This story will sound familiar:
A company has an open position that needed to be filled yesterday. The interview process begins and involves several members of the company. The process requires interviewing several candidates. Each interview will take many hours to conduct.
The interviewers become frustrated and disengaged from the process because they are interviewing instead of doing their tasks. Eventually, a candidate is hired. A couple months into the job, you realize that the person is not a good fit. The person is let go, and the process starts all over again.
While hunting for the “perfect candidate” may seem like the right mindset, this approach to interviewing is fundamentally flawed for several reasons:
- It’s extremely costly and time-consuming
- The outcome is unpredictable
- Decisions skew to how well a candidate interviews
- Unconscious biases play a big role
- It places a lot of hope on the person, which may lead to unrealistic expectations of what they can do
A Time-Tested Method
Consider this story instead:
A person starts in the mailroom, or as an apprentice. They are hard-working and continue to learn the business while furthering their skills. The person works their way up through the company.
Through this process, the company can learn a lot about the person that is very difficult to gather from interviews alone:
- Work ethic
- Communication and collaboration style
- Ability to learn and grow
This approach even works for major corporations. These corporations have entry-level positions and enough employees to have training programs. In fact, Walmart highlights that 75% of their store management teams started as associates, and McDonald’s takes pride in the fact that “nearly 90% of all Company-owned restaurant positions above entry level were filled by promoting in 2016”.
Stop Looking For The Mythical 'Perfect' Candidate
Instead of looking for the “perfect” candidate, understand what the basic requirements are, and look for fit and potential to grow.
“Fit” means understanding and believing in the philosophy of the company. “Potential” means the ability to learn and grow across several dimensions, including people skills, project management, and technical skills.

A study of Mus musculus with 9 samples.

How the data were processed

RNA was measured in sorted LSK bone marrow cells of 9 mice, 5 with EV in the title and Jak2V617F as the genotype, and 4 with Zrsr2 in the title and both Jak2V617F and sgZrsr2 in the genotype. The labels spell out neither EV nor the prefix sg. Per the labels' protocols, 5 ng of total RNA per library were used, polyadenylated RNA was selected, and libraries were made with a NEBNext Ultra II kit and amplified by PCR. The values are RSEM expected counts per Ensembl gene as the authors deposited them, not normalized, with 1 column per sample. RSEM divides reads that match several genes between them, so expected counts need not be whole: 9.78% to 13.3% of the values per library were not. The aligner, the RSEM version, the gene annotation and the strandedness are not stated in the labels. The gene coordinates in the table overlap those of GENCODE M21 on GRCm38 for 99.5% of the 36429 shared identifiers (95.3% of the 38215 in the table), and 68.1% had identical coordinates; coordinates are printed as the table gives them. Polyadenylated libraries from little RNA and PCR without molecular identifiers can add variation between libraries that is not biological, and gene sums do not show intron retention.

This approach has many benefits:
- Hire faster
- Focus on knowledge and skills to do near-term tasks
- Employees can coach new skills need for future tasks
- Evaluate the potential for long-term fit
- Articulate possible career paths
- Clear criteria for interviewers to train, collect and evaluate against which minimizes bias
In fact, executive search adviser Claudio Fernández-Aráoz says that after 30 years tracking executives and following their performance, “I now consider potential to be the most important predictor of success at all levels, from junior management to the C-suite and the board.” According to Fernández-Aráoz we’ve transitioned to a new era of talent spotting, where it’s not simply a question of whether new hires have the right skills, but also whether they have the potential to learn new ones.
How Do I Implement This At My Company?
While looking for fit and potential sounds great, implementing this approach to hiring is another story. So what can you do to change the way you interview?
1. Determine what knowledge and skills are “must haves” for a position, and what are “nice to haves”.
2. From that list of skills and knowledge, what does a candidate need in the first 3 months? What will the candidate need later on? What are possible career paths for the position?
3. Determine what the training capabilities are of the company. Are there others in the company that can train people on those skills? Are there other methods (courses/classes/consultants) available?
4. Take the list of skills and knowledge absolutely required in the first 3 months and include skills that would be difficult to train. Review with all the interviewers what to look for in candidates.
5. Create a posting that aligns with the required knowledge and skills.
6. Interview the candidates and evaluate them based on the same criteria
By adopting this process instead of focusing your efforts on finding the “perfect” candidate, you can better evaluate the fit and potential of a prospective hire.
Create A Learning Culture
Implementing a learning culture during the interviewing process can also be used more broadly to become a fundamental part of how a company functions. Employees will learn and grow which will have them more engaged in their positions.
Giving your employees opportunities to learn and grow will increase their productivity, reduce employee turnover and facilitate innovation.
It’s clear that a company’s approach to interviewing can have long-term effects on employees and the overall function of the company. As a result, redirecting money, time, and effort towards a more practical way to hire new employees—instead of a frustrating process that relies on a lot of luck with no continuing upside—can have impressive results.
Written by Amit Jain, Co-Founder & CEO at Reflectivity
Reflectivity provides training for individuals and companies in people skills. Our training enables individuals at any skill level to improve themselves, understand their fellow team members and help their team succeed.